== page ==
Me, Myself, and Muse

Telling a story of course isn’t always easy, especially when it comes to scientific writing.  The story part of a scientific paper, for example the discussion or intro, can be a real challenge.  Today I was catching up on my podcasts while at the gym and I found a really interesting Radiolab episode called Me, Myself, and Muse.  I know…we’re starting to sound like we endorse Radiolab in our group (see JP’s post last month), but some of their episodes are quite relevant to the practicing scientist!  Anyway, this particular episode got me thinking about giving advice to students that are having trouble finding inspiration or their inter-genius.   Have a listen.  There’s an interesting piece about Elizabeth Gilbert (the author of Eat Pray Love) who comments on a conversation she once had with Tom Waits who apparently described to her his views on the creative process.  Maybe there is something here for the science writer?  This story reminded of a book that I read during a course I took at Penn State called The Art of Scientific Investigation by Beveridge (1950)…a classic!  In this book he discusses how one develops intuition and harnesses the processes of scientific discovery.   It’s a cool book and worth reading for anyone in science.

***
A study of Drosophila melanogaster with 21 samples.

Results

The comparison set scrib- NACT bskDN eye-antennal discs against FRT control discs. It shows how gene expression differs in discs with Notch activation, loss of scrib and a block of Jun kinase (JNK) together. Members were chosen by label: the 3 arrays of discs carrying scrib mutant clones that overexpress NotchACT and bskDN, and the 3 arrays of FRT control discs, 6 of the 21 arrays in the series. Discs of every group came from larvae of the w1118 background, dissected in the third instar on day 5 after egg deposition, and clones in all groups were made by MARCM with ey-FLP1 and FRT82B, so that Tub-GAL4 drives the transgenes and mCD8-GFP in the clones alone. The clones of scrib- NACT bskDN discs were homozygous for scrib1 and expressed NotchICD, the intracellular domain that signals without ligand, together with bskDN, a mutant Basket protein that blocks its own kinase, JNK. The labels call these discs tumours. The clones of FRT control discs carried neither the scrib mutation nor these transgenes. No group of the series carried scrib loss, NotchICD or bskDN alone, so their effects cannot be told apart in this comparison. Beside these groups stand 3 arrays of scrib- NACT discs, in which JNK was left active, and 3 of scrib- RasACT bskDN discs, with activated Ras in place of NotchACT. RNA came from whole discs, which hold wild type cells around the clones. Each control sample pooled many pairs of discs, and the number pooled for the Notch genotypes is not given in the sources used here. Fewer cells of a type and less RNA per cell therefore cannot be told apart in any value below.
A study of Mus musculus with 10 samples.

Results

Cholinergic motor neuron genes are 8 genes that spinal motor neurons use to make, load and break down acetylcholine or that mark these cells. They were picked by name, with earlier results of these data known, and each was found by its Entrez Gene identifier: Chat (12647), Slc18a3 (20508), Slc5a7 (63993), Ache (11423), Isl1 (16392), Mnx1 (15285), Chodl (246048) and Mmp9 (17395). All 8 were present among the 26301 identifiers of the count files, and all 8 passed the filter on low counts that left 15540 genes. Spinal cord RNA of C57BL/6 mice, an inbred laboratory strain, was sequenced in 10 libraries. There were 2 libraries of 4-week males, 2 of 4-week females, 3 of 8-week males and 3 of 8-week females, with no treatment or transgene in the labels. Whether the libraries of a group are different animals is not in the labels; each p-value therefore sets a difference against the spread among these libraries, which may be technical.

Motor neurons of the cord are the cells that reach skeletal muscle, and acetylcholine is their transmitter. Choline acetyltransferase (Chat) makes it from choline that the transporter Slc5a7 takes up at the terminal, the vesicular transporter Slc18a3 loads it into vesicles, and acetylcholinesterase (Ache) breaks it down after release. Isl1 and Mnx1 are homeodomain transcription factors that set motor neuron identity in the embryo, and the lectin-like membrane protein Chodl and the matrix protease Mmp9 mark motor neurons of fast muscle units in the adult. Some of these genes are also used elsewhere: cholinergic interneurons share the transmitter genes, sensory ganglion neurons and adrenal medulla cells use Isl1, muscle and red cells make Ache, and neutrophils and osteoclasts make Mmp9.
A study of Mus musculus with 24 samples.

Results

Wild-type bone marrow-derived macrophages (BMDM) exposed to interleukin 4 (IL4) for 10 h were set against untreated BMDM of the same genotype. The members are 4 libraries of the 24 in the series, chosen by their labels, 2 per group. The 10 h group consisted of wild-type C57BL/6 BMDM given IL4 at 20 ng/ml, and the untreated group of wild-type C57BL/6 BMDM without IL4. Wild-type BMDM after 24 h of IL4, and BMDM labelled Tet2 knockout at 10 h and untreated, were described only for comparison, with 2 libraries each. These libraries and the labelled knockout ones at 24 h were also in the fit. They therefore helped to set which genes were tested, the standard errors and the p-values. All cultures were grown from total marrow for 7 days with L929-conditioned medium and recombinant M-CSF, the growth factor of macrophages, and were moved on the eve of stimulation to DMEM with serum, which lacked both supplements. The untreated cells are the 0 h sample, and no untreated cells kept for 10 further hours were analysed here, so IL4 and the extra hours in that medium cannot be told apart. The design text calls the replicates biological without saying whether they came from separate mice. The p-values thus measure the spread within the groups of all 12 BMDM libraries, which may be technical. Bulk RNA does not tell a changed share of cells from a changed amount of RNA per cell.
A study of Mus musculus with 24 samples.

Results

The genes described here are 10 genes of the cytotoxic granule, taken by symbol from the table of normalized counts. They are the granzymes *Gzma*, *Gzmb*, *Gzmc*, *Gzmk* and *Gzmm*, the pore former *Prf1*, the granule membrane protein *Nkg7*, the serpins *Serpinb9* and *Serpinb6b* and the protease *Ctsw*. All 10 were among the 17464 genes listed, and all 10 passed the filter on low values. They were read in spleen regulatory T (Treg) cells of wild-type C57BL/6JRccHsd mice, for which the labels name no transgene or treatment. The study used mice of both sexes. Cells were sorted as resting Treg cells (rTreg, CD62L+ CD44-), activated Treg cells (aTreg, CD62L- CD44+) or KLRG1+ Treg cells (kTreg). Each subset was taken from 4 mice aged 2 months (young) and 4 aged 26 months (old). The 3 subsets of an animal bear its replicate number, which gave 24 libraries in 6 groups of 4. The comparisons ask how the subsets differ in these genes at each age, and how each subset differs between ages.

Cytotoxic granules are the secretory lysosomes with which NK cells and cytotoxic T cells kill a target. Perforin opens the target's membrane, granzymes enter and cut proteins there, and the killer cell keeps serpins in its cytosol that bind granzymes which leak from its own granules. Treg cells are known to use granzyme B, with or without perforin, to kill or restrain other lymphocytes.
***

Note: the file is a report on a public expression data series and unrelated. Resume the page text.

Posted in Communication, Graduate studies, Science Tagged with: , , ,
One comment on “Me, Myself, and Muse
  1. JP Gannon says:

    I also really enjoyed this episode. I found it very interesting and appropriate that they talked to two people with completely different methods for battling their own psychological limitations. Where Gilbert and Waits both “talked” to their ideas, Oliver Sachs took a completely different and much more harsh approach, sort of backing himself into a corner. I find it interesting that the scientist took a concrete and pretty self critical approach while the two artists were a lot more mystical(?) about it.

    Do you think this contrast is common? Do you think scientists can benefit from an inner dialogue with their ideas?